Seth Bixby Daugherty is making his national TV debut on Monday, March 3 on the Rachel Ray show all in support of his charitable efforts to change the way children eat in our school system. He’s a rock star.
Here is a nice segue: The following night, Season 2 of Bizarre Foods airs. And set your DVR for February 26 for another Bizarre Foods Best Of special with some previews of Season 2. A lot of folks have seen the new ad campaign for the show; if not, here is a sneak peek. These ads are hysterical and remind me of the SportsCenter ads from back in the day.
Anyone see the NYT piece about the growing crop of "bloggers calling for fat acceptance" that is giving rise to "a virtual soapbox known as the fatosphere"? Roni Caryn Rabin of The New York Times profiles these bloggers—who include both women and men— who "challenge just about everything conventional medical wisdom has to say about obesity” What a pack of lies!
According to Tim Manners’s Cool News, the message from the fatosphere is not just that big is beautiful.
Says the NYT article:
Many of the bloggers dismiss the “obesity epidemic” as hysteria. They argue that Americans are not that much larger than they used to be and that being fat in and of itself is not necessarily bad for you."
Kate Harding, whose blog is called Shapley Prose, starts by attacking the premise that being fat is a choice. "No fat acceptance advocate is saying you should sit around and wildly overeat," she acknowledges. "What we're saying is that exercise and a balanced diet do not make everyone thin." Others point to evidence that overweight people can be healthier than thin people. For example, "recent studies on heart patients and dialysis patients have also reported higher survival rates among heavier patients, suggesting that the link between body size and health may be more complex than generally acknowledged."
Others point to study of people over 60 that "found that being fit has more bearing on longevity than simply being thin." But the main argument "is that being fat is not a result of moral failure or a character flaw, or of gluttony, sloth or a lack of willpower," and that it may have more to do with genetics than anything else. "We accept that some people are short," says Rachel Richardson, whose blog is called The F-Word. "Yet we seem to think all people should be thin -- it just doesn't make sense." There's also a certain feminist streak at work, although at least one blogger, Red No. 3, specializes in the male perspective, and says: "See, I don't have a problem with fat ... My body is simply adorned, and I'll take that."
WHAT A BUNCH OF CRAP! Being fat has physical, mental, and spiritual components to the disease. Obesity is a disease, and there is also a wellspring of available cures and treatments, and the people who think that being grossly and chronically overweight is in some way OK are in denial.
The recent contretemps re the Humane Society videotape, its undercover work, the downer cattle going to slaughter, and the beef recall all bring to mind the shortsighted and ignorant citizens of our country who actually believe that the USDA and the other federal agencies charged with protecting our food pathways are doing a competent job. That idea would simply be crazy. The agencies, such as the USDA, FDA, and the like, are broken.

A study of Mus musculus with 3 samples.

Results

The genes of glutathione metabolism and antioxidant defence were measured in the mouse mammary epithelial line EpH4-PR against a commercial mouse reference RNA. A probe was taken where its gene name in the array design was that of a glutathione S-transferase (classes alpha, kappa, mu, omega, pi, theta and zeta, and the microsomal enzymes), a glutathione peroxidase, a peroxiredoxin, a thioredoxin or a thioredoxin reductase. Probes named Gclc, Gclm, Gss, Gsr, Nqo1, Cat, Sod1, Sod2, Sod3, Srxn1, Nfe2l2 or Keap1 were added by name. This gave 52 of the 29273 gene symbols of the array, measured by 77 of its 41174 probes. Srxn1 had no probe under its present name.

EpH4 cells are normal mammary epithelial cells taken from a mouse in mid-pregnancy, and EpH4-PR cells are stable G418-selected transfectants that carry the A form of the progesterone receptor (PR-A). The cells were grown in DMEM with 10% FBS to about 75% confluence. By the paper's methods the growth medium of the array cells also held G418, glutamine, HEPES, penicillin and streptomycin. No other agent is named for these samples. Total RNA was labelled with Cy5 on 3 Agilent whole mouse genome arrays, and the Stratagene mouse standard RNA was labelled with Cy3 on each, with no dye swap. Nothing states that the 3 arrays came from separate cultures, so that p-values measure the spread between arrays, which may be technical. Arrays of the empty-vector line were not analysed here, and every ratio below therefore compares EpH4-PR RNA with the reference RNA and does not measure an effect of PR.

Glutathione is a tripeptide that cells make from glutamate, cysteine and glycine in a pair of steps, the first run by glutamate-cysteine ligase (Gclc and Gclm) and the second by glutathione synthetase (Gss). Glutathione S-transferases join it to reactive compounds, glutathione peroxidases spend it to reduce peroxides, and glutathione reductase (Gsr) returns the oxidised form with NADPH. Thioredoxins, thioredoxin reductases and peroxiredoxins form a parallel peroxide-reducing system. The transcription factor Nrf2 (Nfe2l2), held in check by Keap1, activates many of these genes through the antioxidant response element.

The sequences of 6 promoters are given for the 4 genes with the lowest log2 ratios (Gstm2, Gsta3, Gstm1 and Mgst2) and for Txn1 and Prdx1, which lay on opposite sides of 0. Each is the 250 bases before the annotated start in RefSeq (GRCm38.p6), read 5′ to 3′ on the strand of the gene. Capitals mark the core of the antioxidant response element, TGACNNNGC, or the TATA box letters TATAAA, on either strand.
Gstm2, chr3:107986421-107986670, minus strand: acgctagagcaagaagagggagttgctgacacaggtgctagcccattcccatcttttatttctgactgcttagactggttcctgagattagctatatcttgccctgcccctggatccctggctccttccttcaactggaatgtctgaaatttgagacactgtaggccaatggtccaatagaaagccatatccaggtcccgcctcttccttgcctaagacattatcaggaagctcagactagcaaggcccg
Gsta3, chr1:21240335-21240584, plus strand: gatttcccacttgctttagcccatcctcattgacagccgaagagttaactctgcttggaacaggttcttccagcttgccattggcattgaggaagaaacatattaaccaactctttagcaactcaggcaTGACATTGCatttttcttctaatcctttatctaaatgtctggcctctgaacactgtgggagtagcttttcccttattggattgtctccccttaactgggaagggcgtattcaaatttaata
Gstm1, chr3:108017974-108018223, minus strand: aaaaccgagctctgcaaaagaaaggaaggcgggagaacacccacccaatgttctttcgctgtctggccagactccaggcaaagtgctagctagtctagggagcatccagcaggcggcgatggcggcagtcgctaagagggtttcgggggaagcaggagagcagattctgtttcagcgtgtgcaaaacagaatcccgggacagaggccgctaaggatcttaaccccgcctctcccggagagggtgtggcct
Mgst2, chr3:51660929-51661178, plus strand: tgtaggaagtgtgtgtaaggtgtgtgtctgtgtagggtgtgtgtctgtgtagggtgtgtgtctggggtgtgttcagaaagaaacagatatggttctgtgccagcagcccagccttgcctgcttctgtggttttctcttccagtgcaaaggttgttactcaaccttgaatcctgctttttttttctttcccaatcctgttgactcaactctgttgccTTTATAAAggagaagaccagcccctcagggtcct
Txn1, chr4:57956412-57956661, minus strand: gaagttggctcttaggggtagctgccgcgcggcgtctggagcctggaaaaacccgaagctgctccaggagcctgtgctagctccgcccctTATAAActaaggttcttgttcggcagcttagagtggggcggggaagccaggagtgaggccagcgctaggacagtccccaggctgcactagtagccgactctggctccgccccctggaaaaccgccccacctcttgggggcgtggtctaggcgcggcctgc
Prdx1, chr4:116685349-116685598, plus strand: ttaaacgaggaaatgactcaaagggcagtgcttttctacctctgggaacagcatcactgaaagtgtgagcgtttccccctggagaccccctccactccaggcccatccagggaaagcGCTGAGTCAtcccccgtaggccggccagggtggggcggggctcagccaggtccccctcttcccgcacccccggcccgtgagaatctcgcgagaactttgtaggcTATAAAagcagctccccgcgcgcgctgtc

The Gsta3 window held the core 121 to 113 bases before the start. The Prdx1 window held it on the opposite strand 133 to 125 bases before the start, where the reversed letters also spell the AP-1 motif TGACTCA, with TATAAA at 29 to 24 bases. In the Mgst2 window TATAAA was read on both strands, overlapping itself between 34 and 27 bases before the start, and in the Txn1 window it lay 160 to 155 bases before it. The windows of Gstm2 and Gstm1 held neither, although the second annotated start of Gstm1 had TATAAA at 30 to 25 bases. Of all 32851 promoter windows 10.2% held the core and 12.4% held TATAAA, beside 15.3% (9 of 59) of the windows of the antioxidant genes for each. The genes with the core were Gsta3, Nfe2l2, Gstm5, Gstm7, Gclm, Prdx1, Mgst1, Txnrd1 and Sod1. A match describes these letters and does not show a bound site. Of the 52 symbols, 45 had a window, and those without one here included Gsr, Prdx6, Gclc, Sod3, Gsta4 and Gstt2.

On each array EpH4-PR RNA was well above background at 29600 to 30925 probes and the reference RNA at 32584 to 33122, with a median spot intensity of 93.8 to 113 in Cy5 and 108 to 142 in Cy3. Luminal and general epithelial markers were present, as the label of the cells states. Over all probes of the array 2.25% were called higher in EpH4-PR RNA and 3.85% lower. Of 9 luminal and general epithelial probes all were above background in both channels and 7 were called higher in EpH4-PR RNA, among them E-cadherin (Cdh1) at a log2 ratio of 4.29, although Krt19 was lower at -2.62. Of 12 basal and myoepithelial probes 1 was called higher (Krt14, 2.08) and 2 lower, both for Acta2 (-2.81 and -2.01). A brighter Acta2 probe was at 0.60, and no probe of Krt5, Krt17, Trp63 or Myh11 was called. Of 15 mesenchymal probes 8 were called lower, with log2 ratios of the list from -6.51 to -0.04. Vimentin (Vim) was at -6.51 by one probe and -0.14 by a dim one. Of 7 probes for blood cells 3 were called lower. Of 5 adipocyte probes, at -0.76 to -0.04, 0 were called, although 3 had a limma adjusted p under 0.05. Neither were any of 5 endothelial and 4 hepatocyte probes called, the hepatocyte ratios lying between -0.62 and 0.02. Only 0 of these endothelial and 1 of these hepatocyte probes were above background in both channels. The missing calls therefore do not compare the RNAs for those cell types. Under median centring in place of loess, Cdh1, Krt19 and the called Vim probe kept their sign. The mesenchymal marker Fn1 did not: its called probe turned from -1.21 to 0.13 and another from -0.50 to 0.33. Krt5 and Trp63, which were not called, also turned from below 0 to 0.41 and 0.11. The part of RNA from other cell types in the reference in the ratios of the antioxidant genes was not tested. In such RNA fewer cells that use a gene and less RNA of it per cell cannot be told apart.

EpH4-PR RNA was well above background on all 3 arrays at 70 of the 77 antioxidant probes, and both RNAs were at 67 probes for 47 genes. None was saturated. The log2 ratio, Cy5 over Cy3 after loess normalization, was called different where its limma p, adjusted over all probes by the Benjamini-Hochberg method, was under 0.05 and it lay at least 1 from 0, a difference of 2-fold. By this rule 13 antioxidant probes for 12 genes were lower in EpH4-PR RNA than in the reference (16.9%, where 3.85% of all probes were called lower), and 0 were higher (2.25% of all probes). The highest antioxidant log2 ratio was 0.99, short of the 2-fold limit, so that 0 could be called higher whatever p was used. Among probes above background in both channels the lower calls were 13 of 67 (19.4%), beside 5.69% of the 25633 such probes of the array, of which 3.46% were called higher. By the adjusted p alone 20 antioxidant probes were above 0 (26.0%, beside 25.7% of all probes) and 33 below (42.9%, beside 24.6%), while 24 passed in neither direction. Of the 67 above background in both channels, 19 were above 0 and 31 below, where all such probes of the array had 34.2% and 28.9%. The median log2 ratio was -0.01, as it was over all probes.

The Mpls.St.Paul Magazine Best of the Best Party on Monday night was a rousing success. The Walker Art Center staff did an outstanding job! What a great place to have an event of any size, and 1,500 of you filled the rooms. The MSP people, most notably Adam Platt and his team, Natasha Freimark and her team, Deb Hopp, Stephanie Peterson, Kevin Dunn, Gary Johnson, Brian Anderson, and scores of other folks should be loudly applauded for creating such a compelling evening of food celebration. Also, congrats to Hadi and Anoush and all the folks at Hempisphere for winning our Restaurateur of the Year award.
Here are a couple of other observations:
Restaurants that are looking to impress 1,500 potential A-list customers should try to serve great food at an event like this, not mediocre food. Chopped sausage at a high-end tasting event is a cop-out. Saffron, Masa, Chambers, Solera, 20.21, and La Belle Vie did some great food that night as did the Puck catering people in the VIP room.
Speaking of La Belle Vie, that restaurant earned sixth place in our annual Readers Poll if I remember the presentation video correctly. WOW. How can you reconcile the Readers Poll with other accolades that LBV regularly acquires? Does LBV not resonate with your average Minnesotan? Gourmet magazine called them one of the fifty best restaurants in the country. I listed them on my judge’s ballots for Beard Awards and for the S.Pellegrino World's 50 Best Restaurants award (there is a mandatory section for local restaurants in a judges given geographic zone).
I believe LBV is pound for pound the best restaurant in our state for food quality/service/beverage, program/ambiance/innovation, etc. So anyone who thinks that there is not some lingering provincialism in our DNA when it comes to our ability to recognize culinary greatness should be pointed in the direction of the Readers Poll and the disparities it points out between who is eating where and why. I would understand if LBV is not everyone’s cup of tea, but sixth?! C’mon now, people. And for the record, the bar at LBV is a low-key and casual place to enjoy great food without sitting at a table for two hours if that is more your speed. If you love great dining experiences, sit in the dining room for the full-frontal effect.
Porter and Frye is now open. I finally ate at Red Stag (are you writing that down, Jeremy!?), and Zander closed. More on all that on Monday.